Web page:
Wednesday, March 28, 2012

Wanted: Wild Hazelnuts!

To help expand the genetic diversity of the hazelnuts in our breeding program, we’re asking citizens to be on the lookout for American hazelnuts (Corylus americana) that are growing naturally. They likely will be found within their natural range, which is from the Great Plains eastward, except in Florida.

If you find a hazelnut bush that's 8-15 feet tall, please email us at with the subject line: Wild American Hazelnut Found. Include your name, location of the hazelnut bush, height and width of the bush, diameter and weight of nuts if found and, if possible, photos of flowers, nuts or leaves. After reviewing your information, we'll contact you and let you know if we would like a sample of your wild hazelnut and the proper procedure for sampling.

Besides acquiring wild American hazelnuts, Consortium members have collected hazelnuts in Turkey and the Georgia Republic where hazelnuts are plentiful, and have access to USDA plant germplasm and various private sources. 

Collecting unrelated hazelnuts from around the world and combining the best traits of each will help us create cold hardy, disease-resistant, drought tolerant, high-yielding hazelnut plants. 

For more information about this project, visit our website at www.

Here’s what to look for:

American hazelnut involucres with nuts inside
Leaves of the American hazelnut
American hazelnut leaves in the fall

Wednesday, March 21, 2012

Hazelnuts Are Heart-Healthy & Delicious

We roasted some of last year's hazelnut crop this week -- yum! We placed them in a 350 oven for 15 minutes and they were perfect (watch closely though, as your oven may vary). After roasting, rub the hazelnuts in a towel while still warm to remove the skins.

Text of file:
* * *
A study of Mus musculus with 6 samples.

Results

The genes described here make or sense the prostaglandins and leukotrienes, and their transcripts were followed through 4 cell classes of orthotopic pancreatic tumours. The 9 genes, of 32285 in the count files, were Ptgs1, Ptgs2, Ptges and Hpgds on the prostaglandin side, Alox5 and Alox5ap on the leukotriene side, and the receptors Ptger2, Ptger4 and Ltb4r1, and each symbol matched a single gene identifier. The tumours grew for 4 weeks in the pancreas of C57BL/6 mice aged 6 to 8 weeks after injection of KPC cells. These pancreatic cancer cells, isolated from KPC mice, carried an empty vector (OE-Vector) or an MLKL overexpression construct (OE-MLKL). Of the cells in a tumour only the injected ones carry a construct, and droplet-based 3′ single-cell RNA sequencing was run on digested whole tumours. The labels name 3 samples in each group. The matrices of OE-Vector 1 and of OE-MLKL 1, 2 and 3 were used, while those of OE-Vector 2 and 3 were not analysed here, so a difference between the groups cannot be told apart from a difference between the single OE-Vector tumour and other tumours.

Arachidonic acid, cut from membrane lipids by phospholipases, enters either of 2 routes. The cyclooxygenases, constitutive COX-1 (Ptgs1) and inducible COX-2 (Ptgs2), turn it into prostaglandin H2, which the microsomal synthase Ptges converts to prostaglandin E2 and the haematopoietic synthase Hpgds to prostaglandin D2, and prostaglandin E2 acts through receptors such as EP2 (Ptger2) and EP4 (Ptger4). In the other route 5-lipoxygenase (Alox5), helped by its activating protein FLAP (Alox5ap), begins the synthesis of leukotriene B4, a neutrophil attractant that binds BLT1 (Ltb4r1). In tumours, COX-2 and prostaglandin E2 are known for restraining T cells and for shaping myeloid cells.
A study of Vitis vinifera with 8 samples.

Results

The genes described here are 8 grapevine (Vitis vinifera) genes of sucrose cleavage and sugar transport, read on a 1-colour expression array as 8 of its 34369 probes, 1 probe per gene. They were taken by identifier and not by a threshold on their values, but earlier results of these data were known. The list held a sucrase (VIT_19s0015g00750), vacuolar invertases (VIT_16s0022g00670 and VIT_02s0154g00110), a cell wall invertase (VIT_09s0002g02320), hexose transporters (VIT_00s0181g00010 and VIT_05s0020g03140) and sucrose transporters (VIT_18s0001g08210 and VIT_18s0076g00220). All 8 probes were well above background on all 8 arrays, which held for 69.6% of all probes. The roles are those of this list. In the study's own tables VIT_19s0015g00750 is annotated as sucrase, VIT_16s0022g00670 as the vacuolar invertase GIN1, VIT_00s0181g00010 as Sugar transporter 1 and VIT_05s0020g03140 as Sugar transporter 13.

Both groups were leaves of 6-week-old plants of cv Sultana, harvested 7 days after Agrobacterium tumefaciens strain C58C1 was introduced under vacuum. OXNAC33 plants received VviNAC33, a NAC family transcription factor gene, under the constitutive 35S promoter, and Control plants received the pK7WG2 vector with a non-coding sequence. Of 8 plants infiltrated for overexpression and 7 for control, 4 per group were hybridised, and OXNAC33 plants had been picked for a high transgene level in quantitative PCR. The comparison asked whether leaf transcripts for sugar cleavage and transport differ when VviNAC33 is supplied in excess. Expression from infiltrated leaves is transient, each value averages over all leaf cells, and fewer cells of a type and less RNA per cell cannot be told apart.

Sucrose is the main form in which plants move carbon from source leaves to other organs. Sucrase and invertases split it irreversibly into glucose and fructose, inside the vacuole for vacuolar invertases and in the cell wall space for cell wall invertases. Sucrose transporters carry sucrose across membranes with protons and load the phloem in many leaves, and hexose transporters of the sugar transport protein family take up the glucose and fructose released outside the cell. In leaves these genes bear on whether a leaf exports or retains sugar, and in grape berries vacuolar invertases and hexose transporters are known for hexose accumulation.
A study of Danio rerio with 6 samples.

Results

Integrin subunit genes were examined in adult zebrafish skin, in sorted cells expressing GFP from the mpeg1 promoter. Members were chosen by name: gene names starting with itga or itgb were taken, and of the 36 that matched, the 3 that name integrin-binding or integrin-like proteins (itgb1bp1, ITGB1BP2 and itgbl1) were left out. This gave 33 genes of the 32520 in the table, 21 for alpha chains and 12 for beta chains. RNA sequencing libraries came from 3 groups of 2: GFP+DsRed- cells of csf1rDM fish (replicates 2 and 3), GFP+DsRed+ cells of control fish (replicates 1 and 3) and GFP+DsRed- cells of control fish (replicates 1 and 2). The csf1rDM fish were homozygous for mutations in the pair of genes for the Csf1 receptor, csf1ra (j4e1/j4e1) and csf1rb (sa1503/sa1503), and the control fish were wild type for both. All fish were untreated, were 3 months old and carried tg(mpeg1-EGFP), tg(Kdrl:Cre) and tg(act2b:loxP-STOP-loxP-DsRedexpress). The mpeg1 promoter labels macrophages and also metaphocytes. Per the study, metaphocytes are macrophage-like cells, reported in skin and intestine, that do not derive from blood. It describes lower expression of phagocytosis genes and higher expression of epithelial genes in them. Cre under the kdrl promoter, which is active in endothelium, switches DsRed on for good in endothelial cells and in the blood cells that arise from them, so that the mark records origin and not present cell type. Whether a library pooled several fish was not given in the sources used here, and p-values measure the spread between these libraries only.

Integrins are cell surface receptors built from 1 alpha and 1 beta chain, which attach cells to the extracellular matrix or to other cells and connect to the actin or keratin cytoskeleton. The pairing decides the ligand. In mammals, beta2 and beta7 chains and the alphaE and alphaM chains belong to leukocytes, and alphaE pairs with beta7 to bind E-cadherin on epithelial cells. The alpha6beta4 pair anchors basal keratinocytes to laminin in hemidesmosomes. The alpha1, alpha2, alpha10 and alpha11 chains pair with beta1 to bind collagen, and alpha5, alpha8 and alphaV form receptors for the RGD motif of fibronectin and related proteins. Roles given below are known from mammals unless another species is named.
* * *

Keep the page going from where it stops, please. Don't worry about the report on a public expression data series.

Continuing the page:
Hazelnuts are a rich source of protein, vitamin E, folate, B vitamins and arginine, and are one of the best nut sources of heart-healthy mono- and poly-unsaturated fats.

Here are three more easy recipes!

Seasoned Roasted Hazelnuts
  • 2 cups Oregon hazelnuts
  • 1/6 cup butter or margarine
  • 1/2 teaspoon salt
  • 1/2 teaspoon Worcestershire
  • 1/2 teaspoon garlic powder
  • dash Tabasco
Melt butter in saucepan; stir in salt, Worcestershire, garlic powder, Tabasco and hazelnuts. Turn into shallow pan. Bake in 275 oven for 20 minutes. (Oregon Hazelnut Marketing Board)

Honey-Spiced Oregon Hazelnuts
  • 2 tablespoons olive oil
  • 1 tablespoon minced garlic
  • 1-1/2 tablespoons ground cumin
  • 1/4 teaspoon Tabasco sauce
  • 1/2 cup honey
  • 4 cups roasted Oregon hazelnuts
In a saute pan over medium heat, warm olive oil. Add garlic, cumin, Tabasco and honey. Stir the mixture, reduce heat and let simmer for 10 minutes, stirring often. Do not burn. Add the nuts and stir to coat well. Line a baking sheet with waxed paper or foil. Spread the coated nuts in a single layer on the baking sheet. Bake at 400 for 10 minutes. Remove from oven and cool completely. Serve as a snack or as a garnish for soups or salads. Yield: about 4 cups. (Oregon Hazelnut Marketing Board)

 Hazelnut, Brie & Apple Appetizer
  • 1 cup roasted & chopped Oregon hazelnuts
  • 4 ounces cream cheese, room temperature
  • 8 ounces brie cheese (rind trimmed), room temperature
  • 1 tart apple, grated
Blend well the cream cheese with the brie cheese. Add the hazelnuts and apple; blend. Spread on melba toast or crackers. (Oregon Hazelnut Marketing Board) 



Wednesday, March 7, 2012

New Consortium Test IDs EFB Sooner
EFB causes severe cankering and eventual
death of hazelnut plants.

Hazelnuts have the potential to be a major crop across many parts of the U.S. and southern Canada. Several characteristics contribute to this potential they’re a perennial crop requiring few inputs once established, they use less water and fossil fuel than annual crops, are drought resistant, can be grown on sloping land, and are adaptable to marginal soils.

One of the major barriers preventing widespread hazelnut production in the U.S. is susceptibility to eastern filbert blight (EFB), a fungal disease that kills European hazelnuts. Hybrid Hazelnut Consortium member Dr. Thomas Molnar at Rutgers has developed a real-time, PCR-based test to detect Anisogramma anomala (the pathogen that causes EFB) at an early stage. 

It was tested last spring and summer and found to be very effective, cutting the time to determine whether a plant is infected with EFB by as much as 18 months. Using this test will accelerate the Consortium’s research by allowing us to focus attention and resources on plants identified at an early stage as very likely to be EFB resistant.

This is a major step and means that more resistant plants will be in fields sooner to be evaluated for cold hardiness, heat tolerance, kernel quality and yield, and pest resistance.